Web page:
At the Heart of Gold
CONTENT WARNING: This review includes a very graphic description and discussion of sexual abuse that occurs in the movie At the Heart of Gold.
“There can be no keener revelation of a society’s soul than the way in which it treats its children.” —Nelson Mandela
Do you remember the Michigan Judge Rosemarie Aquilina who went viral in early 2018 because she allowed 156 victims of an accused sexual predator to give personal statements in the courtroom before the sentence was laid down? Her name was everywhere, and we were all astounded by her heroism.
But a lot happened before that trial. Buckle in.
Sitting in a quiet Tribeca Film Festival screening room a few weeks back, I was flooded with nostalgia as the lights dimmed and archive footage began playing of a gymnast hurtling through the air over a vault. The footage took me back to many moments from my childhood when my sister and I sat glued to the TV during the summer Olympics, watching routines for floor, parallel bars, balance beam, and vaulting.
The girls who competed were like fairies—they flew, fluttered, and soared, their leotards twinkling. But they were so strong, too, some of fiercest athletes I ever remember watching. Honestly, they made every other Olympic sport seem boring.
In 2016, the world started to become aware of deep trouble within the USA Gymnastics community, especially the training hub at and near Michigan State University. Gymnast after gymnast began stepping forward with stories of sexual abuse, and Dr. Larry Nassar was the eye of that hurricane.
Director Erin Lee Carr’s (Mommy Dead and Dearest) newest documentary At the Heart of Gold takes on the nearly impossible challenge of presenting a serious film centering on a very public trial that only concluded in 2018. But unlike so many documentaries that seem rushed, just latching onto a scandal before public memory fades away, Carr’s movie is truly shaking—maybe the most powerful movie I’ve seen so far this year.
Carr gives thorough attention to all the important factors at play in the Nassar trial, without the story ever slogging or feeling crowded. She outlines the rigor and dedication required of the young Olympic hopefuls and their families, painting a brutal picture of how gymnastics training is more like training to be a soldier in some kind of international battlefield than it is just training to play a sport.
Then the movie introduces Nassar, the young, friendly sports physician who seemed to be the guardian angel for these gymnasts. He listened to them, he cared about their struggles, he loved them, cheered them on, he helped heal their injuries and ease their pain.
And he put his fingers inside of them, ungloved, for minutes on end.
As the story goes on, Carr proves her journalistic chops by pulling on threads until the story unravels before our eyes. And, magnificently, she usually accomplishes this by putting the camera on these women and girls, asking them to tell their own story. Woven seamlessly throughout the entire documentary are the survivors of Nassar’s grooming and molestation, explaining what happened in their own words.
They explain how they were too young, too lacking in expertise or even knowledge of their own bodies, to understand or question what Nassar was doing to them.
They explain the panic, fear, and defensiveness they felt when Rachael Denhollander finally went to the press.
And for some, like Trinea Gonczar, they explain the grief and complicity they felt, when they understood how long Nassar had been abusing younger girls—many whom weren’t even born when he started. Isn’t that so often where our minds go, in the face of tragedy? If only I could have stopped him sooner.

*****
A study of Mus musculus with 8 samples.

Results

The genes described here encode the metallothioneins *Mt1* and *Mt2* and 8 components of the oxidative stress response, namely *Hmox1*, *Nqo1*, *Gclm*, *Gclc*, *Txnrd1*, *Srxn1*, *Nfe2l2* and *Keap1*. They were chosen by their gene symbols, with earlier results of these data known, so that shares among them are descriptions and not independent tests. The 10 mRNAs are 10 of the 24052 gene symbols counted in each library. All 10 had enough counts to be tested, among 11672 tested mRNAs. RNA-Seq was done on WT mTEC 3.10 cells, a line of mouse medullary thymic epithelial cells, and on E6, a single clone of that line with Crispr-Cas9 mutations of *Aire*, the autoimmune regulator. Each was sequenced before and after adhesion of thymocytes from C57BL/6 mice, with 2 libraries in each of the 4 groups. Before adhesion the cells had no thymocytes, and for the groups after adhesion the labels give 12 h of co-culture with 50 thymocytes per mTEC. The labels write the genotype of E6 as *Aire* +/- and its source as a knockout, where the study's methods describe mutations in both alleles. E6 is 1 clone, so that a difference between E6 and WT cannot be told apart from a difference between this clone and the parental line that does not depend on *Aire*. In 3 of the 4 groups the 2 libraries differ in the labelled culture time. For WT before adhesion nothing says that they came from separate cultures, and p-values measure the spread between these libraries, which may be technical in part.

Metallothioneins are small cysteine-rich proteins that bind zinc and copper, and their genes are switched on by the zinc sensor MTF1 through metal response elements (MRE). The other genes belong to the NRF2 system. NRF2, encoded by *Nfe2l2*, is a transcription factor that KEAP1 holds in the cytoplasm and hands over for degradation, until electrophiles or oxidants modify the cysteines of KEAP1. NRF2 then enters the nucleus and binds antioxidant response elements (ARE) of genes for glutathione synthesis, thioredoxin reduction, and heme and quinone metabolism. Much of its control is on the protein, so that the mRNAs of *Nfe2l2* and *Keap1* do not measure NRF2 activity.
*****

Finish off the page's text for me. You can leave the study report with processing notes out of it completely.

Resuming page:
It’s easy to see that the documentary subjects trusted and felt camaraderie with the movie crew, for they are brutally honest and unafraid to cry or express dark regret. The music is the perfect backdrop, the pacing couldn’t have been stronger, and the archival footage of Nassar at the training camps and of certain Olympic events is both chilling and captivating. By the time we make it to the final stretch, which features extended footage from survivor statements at Nassar’s trial, I was outright sobbing.
At the Heart of Gold works, and is important, because it zooms the camera lens out from Nassar himself. Not only do the filmmakers listen to the voices of survivors (just as Judge Rosemarie Aquilina did), but the film clearly displays the endless levels of failed accountability that led to Nassar’s ability to get away with what he did for so long. No one man can do that alone. It took the negligence of Olympic coaches, revered training camps, many departments at Michigan State University, and even the FBI.
“Adults protect and prefer adults,” says Marci Hamilton, CEO of CHILD USA. explaining the chief reason why horrors like this are perpetuated. As if adults have more to lose than children, because they have careers or houses or salaries. Frankly, this isn’t something you see admitted very often—but in my experience it’s almost always true. Children are real people (which happens to be one of my general life mottos) and even in such a great documentary, I was still surprised to see that sentiment proclaimed so boldly.
The crux of the entire scandal, and thus of this movie, is not only that we must believe, protect, and equip women, as the #MeToo movement insists. We also have to start listening to our children.
At the Heart of Gold posits that the #MeToo movement will be a success if it leads to social and legal change, and I agree. But it might take a lot of heart-wrenching storytelling, like this movie, to get us there. I’m so grateful to Carr, these amazing survivors, and the whole crew for being willing to share theirs. If we pay attention, the lessons we learn from it will bring light and hope to a new generation of children.